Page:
The Magazine

In Dubious Battle

Why Bunker Hill was a pyrrhic victory for the British.

Dec 16, 2013, Vol. 19, No. 14 • By PATRICK J. WALSH
Widget tooltip
Single Page Print Larger Text Smaller Text Alerts

I’ve previously read two fine accounts of Bunker Hill written by two masterful American historians independent from the cloister of academia: Decisive Day by the late, great Richard Ketchum and Now We Are Enemies by Thomas Fleming. Nathaniel Philbrick’s new book follows in the tradition of these gentlemen-writers, who narrate history in well-wrought prose. But Philbrick essays a wider subject matter than the Battle of Bunker Hill of June 17, 1775; this is actually an engaging history of Boston, the center of resistance and scene of action during the first two years of the American Revolution.

‘The Death of General Warren’ by John Trumbull (1786)

‘The Death of General Warren’ by John Trumbull (1786)

In 1774, responding to the Boston Tea Party, an outraged Parliament closed the port of Boston to all trade, appointed General Thomas Gage military governor, and sent four regiments to Massachusetts. In England, General Gage boasted to King George III that this number was sufficient; in Boston, he realized his error and requested more troops. Gage’s situation further deteriorated after the battles of Lexington and Concord (April 1775), as he found himself in a precarious strategic position, bottled up in the peninsula surrounded by hills that was Boston. 

Reinforcements of 1,500 men were dispatched, along with three generals: William Howe, John Burgoyne, and Henry Clinton. Arriving in Boston in May 1775, all three agreed to fortify Bunker Hill and Dorchester Heights, commencing on June 18. But colonists got word of the plan and, to the amazement of the British, built fortifications overnight on June 16 on Breeds and Bunker hills in Charlestown. Huddling in an emergency council of war, the British planned a frontal assault on the rebel positions, with General Clinton demurring. William Howe led the attack against what, in contempt, he called “peasant farmers,”  believing they would run at the first sight of British regulars.

In his journal, Clinton recorded that Howe thought his plan would be “carried off easily.” Certainly, the rebels were farmers: The adroitness of their spades had been shown in constructing a six-foot fortification in record time. And unlike English farmers, Americans were adept in the use of firearms from an early age. They also had military experience, learned in militias and in fighting the French and Indian War. One aristocratic English officer who fought at Lexington and Concord wrote in a private letter home that the rebels “have men amongst them who know very well what they are about.”

General Howe did not understand his enemy, or that Americans were, culturally, a new people who had developed differently from their British cousins. The colonial American experience had been a long lesson in the method of settling problems of immediate necessity, and throughout the revolution, the British would be continually astonished by Yankee inventiveness and ingenuity. 

The ever-alert General Clinton actually heard the rebels digging in the early hours of June 17 and urged an immediate attack. But Howe dithered; by the time the battle began, it was two in the afternoon on a hot day, with all of Boston looking on from rooftops and church steeples. The British stormed the hill twice, but were driven back by deadly fire. American muskets were made all the more murderous by the traditional use of “buck and ball,” a mixture of one large lead ball to every four pieces of buckshot, and American troops aimed for officers, whose more resplendent uniforms made excellent targets. The British looked upon purposely aiming at officers as a severe breach of military decorum, but American practicality, and a culture of producing immediate results, was disdainful of such niceties of warfare.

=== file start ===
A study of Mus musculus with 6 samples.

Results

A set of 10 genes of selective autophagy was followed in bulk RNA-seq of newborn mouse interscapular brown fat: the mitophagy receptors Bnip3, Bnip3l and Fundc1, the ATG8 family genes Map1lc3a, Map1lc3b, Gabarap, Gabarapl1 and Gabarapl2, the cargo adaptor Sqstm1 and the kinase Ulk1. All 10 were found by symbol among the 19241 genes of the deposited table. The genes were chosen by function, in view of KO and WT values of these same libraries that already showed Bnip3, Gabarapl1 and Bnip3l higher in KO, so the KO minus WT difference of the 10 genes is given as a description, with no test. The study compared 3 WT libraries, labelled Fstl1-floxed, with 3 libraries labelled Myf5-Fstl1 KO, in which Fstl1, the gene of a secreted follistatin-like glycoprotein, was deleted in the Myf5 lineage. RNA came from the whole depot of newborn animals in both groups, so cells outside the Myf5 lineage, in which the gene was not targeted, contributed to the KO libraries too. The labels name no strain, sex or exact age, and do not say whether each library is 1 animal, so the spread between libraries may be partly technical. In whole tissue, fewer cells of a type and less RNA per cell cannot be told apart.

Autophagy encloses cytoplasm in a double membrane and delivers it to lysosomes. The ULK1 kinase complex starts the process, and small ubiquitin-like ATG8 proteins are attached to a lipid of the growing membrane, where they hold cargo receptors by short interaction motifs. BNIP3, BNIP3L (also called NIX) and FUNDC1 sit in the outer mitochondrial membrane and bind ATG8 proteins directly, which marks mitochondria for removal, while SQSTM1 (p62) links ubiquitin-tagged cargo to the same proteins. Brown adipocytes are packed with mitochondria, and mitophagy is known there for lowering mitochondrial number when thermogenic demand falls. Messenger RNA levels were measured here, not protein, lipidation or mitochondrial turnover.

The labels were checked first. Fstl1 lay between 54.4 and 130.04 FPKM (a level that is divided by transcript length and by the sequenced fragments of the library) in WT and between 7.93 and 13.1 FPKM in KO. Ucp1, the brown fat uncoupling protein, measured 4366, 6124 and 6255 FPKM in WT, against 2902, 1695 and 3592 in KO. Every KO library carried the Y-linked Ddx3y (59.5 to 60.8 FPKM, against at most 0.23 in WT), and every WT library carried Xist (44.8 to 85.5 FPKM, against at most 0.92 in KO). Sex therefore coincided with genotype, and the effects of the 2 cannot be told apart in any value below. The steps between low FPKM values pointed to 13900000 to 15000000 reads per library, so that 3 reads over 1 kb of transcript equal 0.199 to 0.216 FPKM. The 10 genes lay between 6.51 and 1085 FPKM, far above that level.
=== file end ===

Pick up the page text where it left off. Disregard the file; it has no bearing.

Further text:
With dogged resolve, Howe made a third attack, finally emerging triumphant as rebel gunpowder ran out. But it was a pyrrhic victory—and Clinton truly said that “another such would have ruined us.” In fact, Bunker Hill was one of the bloodiest battles in the history of the British Army, with 1,054 casualties: 226 dead and 828 wounded. The Americans suffered 420 casualties, with 115 dead. 

Bunker Hill’s aftermath hardened the resolve on both sides. Britain became more cautious, no longer gambling on a decisive victory that they hoped would crush the growing tide of revolution.

Besides being well-written, Bunker Hill is a handsome volume, with many colored illustrations—and wonderfully drawn and colored topographical sketches of 1775 Boston by the British colonel J. F. W. Des Barres. Philbrick brings innumerable historical characters to life, concentrating in particular on the sadly forgotten Dr. Joseph Warren, president of the Provincial Congress. Warren was a top-ranked political leader in Boston who was left in charge while his seniors, John Hancock and John and Samuel Adams, attended the Continental Congress. It was Warren who called up the militia and dispatched Paul Revere on his ride.

 

At 34, Warren was dynamic and capable, a popular leader who never reached the summit of his potential. Like George Washington, he possessed a flair for the dramatic, and knew its political uses. A dandy before the age of democratic simplicity, he dressed in his finest suit when he appeared on Bunker Hill to encourage the troops who heartily cheered him. But after being cut down by a British bullet to the head, Joseph Warren’s lifeless body was stripped of its apparel, his flashy silk vest garnering £7 in Boston—the booty of war.

Patrick J. Walsh is a writer in Quincy, Massachusetts.